Allen Chang

At a rally outside Woodbridge Hall last month, the activist group Students Unite Now demanded that University President Peter Salovey sit down with its representatives to discuss the elimination of the student effort, an amount that students receiving financial aid must contribute to Yale every year.

But in an interview with the News on Friday, Salovey said it would make more sense for SUN, which has held several similar rallies in the past two years, to meet with the officials in Yale College who directly administer the financial aid system. And he also voiced concerns about the tactics SUN has employed in the past, citing an episode last April when the group sent more than two dozen representatives to a meeting with Director of Financial Aid Caesar Storlazzi.

“It’s far more productive to have a meeting with a student or a small group of students,” Salovey said. “Being confronted by a crowd is not a meeting.”

At last month’s rally, supporters of SUN lined up one by one to submit letters to an administrator standing in the doorway of Woodbridge Hall. At the time, organizers told the News that one of the goals of the rally was to persuade Salovey to meet with SUN. On the group’s official Facebook page, SUN complained that the president had “refused to meet with students to listen to our experiences of financial aid at Yale.”

But on Friday, Salovey said the demonstration outside Woodbridge Hall “didn’t create the ideal context for a productive, constructive dialogue.”

“Demands are not a context for a conversation, especially a conversation where all parties involved have the same goal, which is to support our students,” he said.

SUN organizer Isadora Milanez ’18, however, said on behalf of the group that Salovey’s response to the request was unfair.

“For over a year, President Salovey has refused to meet and hear from students about our lived experiences,” Milanez said. “We would prefer that he spend his time working with low-income students to solve the problems we face, rather than musing about the format of our requests for a meeting.”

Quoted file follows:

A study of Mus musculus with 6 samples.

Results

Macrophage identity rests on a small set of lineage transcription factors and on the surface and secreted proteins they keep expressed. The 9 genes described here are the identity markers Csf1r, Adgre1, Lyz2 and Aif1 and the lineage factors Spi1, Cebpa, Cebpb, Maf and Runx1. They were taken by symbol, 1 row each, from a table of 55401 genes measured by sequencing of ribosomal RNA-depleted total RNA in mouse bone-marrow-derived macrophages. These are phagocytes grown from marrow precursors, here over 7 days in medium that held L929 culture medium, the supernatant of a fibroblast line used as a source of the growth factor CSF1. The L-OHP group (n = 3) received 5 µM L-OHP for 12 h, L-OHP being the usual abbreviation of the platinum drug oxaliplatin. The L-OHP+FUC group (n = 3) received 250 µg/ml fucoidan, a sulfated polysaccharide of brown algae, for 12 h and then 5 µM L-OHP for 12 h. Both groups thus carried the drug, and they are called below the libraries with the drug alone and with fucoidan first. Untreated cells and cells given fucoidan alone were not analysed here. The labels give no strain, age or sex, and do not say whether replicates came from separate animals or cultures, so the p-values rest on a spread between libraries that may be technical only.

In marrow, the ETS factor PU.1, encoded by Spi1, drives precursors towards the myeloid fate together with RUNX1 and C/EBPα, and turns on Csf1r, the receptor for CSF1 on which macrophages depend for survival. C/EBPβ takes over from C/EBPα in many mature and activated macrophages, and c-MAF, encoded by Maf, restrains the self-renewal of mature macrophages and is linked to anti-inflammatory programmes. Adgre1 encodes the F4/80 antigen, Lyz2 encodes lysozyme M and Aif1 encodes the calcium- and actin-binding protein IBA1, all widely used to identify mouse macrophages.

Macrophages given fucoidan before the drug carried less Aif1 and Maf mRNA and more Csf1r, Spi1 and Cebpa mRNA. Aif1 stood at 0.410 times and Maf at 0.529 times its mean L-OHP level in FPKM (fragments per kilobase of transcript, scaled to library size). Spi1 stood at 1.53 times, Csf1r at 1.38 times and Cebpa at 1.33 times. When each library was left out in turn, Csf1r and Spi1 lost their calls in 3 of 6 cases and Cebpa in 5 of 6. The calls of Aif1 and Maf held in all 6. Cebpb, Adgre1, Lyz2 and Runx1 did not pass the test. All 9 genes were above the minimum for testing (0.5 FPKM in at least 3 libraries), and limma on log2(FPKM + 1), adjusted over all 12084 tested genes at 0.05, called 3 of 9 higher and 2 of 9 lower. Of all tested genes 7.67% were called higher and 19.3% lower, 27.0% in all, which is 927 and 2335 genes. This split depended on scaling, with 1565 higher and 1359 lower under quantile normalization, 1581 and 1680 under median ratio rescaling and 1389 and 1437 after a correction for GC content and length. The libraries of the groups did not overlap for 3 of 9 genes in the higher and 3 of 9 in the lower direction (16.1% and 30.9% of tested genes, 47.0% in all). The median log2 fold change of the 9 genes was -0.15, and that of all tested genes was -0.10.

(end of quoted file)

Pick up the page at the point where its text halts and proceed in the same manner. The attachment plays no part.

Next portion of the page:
Salovey would be hard-pressed to speak individually with every student group that requests a meeting. But he holds office hours in Woodbridge Hall about twice a semester with six to eight students at a time, according to Joy McGrath, the president’s chief of staff. Pilar Montalvo, the director of administrative affairs, organizes those meetings.

Salovey also meets twice a year with the leadership of the Yale College Council, which has advocated for financial aid reform in the past, and he visits the residential college dining halls every other week to speak informally with undergraduates.

And in times of crisis, Salovey has shown a willingness to meet students for extended periods of time. As racially charged protests swept Yale’s campus in November 2015, Salovey held several tense, hourslong meetings with representatives of Next Yale, a coalition of students of color and their allies.

Founded in 2012, SUN advocates for the complete elimination of the summer and term-time student contribution to tuition — which totals $5,950 for most students — on the basis that the cost prevents undergraduates with time-consuming campus jobs from taking full advantage of the academic and extracurricular opportunities at Yale. SUN works closely with UNITE HERE, the umbrella organization that sponsors the blue- and pink-collar unions Local 34 and Local 35.

Salovey told the News that he is generally not involved in discussions about financial aid, although he occasionally weighs in on important decisions. For the most part, Storlazzi and Dean of Admissions Jeremiah Quinlan are responsible for shaping Yale’s financial aid policies, he said.

Over the years, SUN has met with several Yale College administrators who play a greater role in financial aid policy. Last April, the group sat down with Storlazzi to discuss its concerns about the student effort. And in early February, several members met with Secretary and Vice President for Student Life Kimberly Goff-Crews to share stories about how the student income contribution has personally affected their lives.

“We had a good discussion about the specifics of their concerns, particularly how they feel the current student income contribution requirements differ from the experience of earlier generations of Yale students,” Goff-Crews said.

Former University Secretary Sam Chauncey ’57 expressed sympathy for Salovey, noting that the president of Yale always receives more meeting requests than he can possibly satisfy.

“If every single person who had a question about Yale policy or procedure went immediately to the president, he wouldn’t have any time to do anything else,” Chauncey said.

Around 150 students attended the SUN rally outside Woodbridge Hall in March.